April 29, 2014 Last Updated 12:40 pm

Newsstand category review: New political magazines make their way into the Newsstand

An occasional look at individual categories inside the Apple Newsstand and the new digital publications to be found there

The Apple Newsstand, as publishers know, has become a mess over the past year or so. Apple’s App Store team has provided magazine publishers with 28 categories for which to choose, which would be sufficient if the Apple folks would maintain them as they do other areas of the App Store. But none of the categories look to be supervised and mrs often than not worthy new titles go wanting for a bit of promotion and as a result don’t stand a chance.

The News & Politics category is one of the Newsstand’s most popular. On April 11, when TNM last counted the publications there were 974 titles, only ten of which were paid apps. The past two weeks has seen the category now exceed a thousand apps (which shows the rate the digital launches occurring).

Because the category is home to magazines as diverse as TIME Magazine and Computer Arts Italia one can see that defining “news” is really up to the individual publisher. Certainly any B2B magazine providing news on a particular industry could use the category, though most choose either “Business & Investing” or “Professional & Trade”.

NIAus-iPadThis is also the category where one might expect to see the most fringe magazines – those self-published titles that advocate for various political positions. But the reality is that they are few and far between. But what one does see is that many news organizations and familiar news titles launched their digital editions early on, and that more and more frequently the newly released titles are more likely to be using the “political” side of the category, rather than the “news” side.

Most of the newly released titles inside the category are not very inspiring.

New Internationalist Magazine Australia is a new release from New Internationalist Publications, a co-operative-run publisher based in Oxford, England. (Here is the other edition inside the Newsstand: New Internationalist Magazine.)

The app offers what can be best described as a web experience once the reader has subscribed. Issues are designed as you would see them online, in a continuous scroll, with graphics inserted here and there. A number of platforms are moving this direction in order to provide a consistent look between ecosystems. It doesn’t take advantage of the full potential of the tablet platform, of course, but it does provide for a native tablet reading experience with properly sized fonts, etc. This way of designing the digital edition works particularly well when one wants the app to be universal – which this one is – so that this scheme works just as well on iPhones.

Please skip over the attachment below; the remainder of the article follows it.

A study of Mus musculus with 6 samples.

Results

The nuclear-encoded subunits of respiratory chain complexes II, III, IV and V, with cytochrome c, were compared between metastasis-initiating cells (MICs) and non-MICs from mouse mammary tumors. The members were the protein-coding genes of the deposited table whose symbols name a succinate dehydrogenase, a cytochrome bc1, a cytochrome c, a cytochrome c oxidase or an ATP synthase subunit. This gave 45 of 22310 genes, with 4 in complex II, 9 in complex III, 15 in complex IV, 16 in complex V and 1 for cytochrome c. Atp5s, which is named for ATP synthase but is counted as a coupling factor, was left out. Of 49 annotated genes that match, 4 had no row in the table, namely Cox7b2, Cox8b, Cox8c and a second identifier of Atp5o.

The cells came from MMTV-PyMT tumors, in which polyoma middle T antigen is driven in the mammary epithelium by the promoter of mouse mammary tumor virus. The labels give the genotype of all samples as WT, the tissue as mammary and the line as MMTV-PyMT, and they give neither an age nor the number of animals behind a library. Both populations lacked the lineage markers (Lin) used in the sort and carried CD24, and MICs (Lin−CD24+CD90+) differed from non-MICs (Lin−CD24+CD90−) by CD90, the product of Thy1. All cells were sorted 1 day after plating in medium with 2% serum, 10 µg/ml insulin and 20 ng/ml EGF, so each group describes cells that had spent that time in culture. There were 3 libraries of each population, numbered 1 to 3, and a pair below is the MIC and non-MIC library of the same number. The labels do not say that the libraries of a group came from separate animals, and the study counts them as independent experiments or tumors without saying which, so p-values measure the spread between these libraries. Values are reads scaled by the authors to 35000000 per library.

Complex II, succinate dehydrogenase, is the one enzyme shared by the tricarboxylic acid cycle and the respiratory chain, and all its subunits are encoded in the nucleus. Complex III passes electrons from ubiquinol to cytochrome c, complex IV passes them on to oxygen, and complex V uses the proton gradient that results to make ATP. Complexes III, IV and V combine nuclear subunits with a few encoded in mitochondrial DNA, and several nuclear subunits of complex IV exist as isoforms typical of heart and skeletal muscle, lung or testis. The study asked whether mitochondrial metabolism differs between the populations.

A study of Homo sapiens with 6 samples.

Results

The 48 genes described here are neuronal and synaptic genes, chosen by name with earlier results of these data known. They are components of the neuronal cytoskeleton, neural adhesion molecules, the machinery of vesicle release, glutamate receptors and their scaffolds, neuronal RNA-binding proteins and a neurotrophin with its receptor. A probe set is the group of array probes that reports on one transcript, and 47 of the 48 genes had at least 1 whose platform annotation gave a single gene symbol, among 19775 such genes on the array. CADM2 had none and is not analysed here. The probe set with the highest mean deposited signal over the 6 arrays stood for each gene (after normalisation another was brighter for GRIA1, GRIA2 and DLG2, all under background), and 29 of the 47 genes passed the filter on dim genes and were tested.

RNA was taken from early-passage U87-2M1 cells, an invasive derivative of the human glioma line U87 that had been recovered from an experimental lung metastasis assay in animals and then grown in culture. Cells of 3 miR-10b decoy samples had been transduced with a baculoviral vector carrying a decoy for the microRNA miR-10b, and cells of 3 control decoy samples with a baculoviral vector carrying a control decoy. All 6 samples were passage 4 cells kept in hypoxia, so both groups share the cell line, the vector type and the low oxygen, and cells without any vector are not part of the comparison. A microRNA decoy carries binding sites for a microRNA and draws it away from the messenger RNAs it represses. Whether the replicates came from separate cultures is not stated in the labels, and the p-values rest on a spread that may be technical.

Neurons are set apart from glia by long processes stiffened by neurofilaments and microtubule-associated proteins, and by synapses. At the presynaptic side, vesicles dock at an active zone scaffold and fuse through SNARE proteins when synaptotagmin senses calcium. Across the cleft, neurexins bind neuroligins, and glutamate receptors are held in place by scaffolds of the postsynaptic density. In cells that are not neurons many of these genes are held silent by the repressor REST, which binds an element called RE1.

I have not downloaded the main version of the magazine, though the screenshots appear to give the impression that it is a native tablet edition with layouts specifically designed for the iPad (it is not a universal app).

Chronicles-iPad-coverChronicles Magazine is from The Rockford Institute, and is one the opposite side of the political spectrum. The institute is located in Rockford, Illinois (hence its name) and is associated with paleoconservatism, and so I would guess that the two magazine editors probably shouldn’t be invited into the same room with each other.

The digital edition is very much similar to the New Internationalist Magazine Australia digital edition, however, though its look is more similar to the digital editions coming out of 29th Street Publishing.

One should add here that all Newsstand publications can actually be in two categories at one time: one category inside the Newsstand, and another in the App Store, in general. In the case of Chronicles Magazine it is also found under Books – an odd choice, but many other apps choose this one, as well, especially Chinese apps. New Internationalist Magazine Australia is under Education.

seo_cw_productThe last magazine I looked at… I didn’t really look at. The Hard Truth Mag is much like what I expected to see more of: a self-published magazine from someone who has a position to promote (not that the established magazine mentioned above don’t, as well). But in this case, whoever is behind this new digital magazine wants to stay anonymous – at least in the App Store and online, as there is no one willing to put their name behind the product.

“The Hard Truth publishes news you won’t find in mainstream media. It’s not for the faint of heart,” the app description proclaims.

Well, brave publisher, if you are not faint of heart maybe you might want to say who you are. Because at a price of $24.99 for an annual subscription, and $4.99 for a single issue, the reader might want to know a little bit about the people (or person) behind the magazine.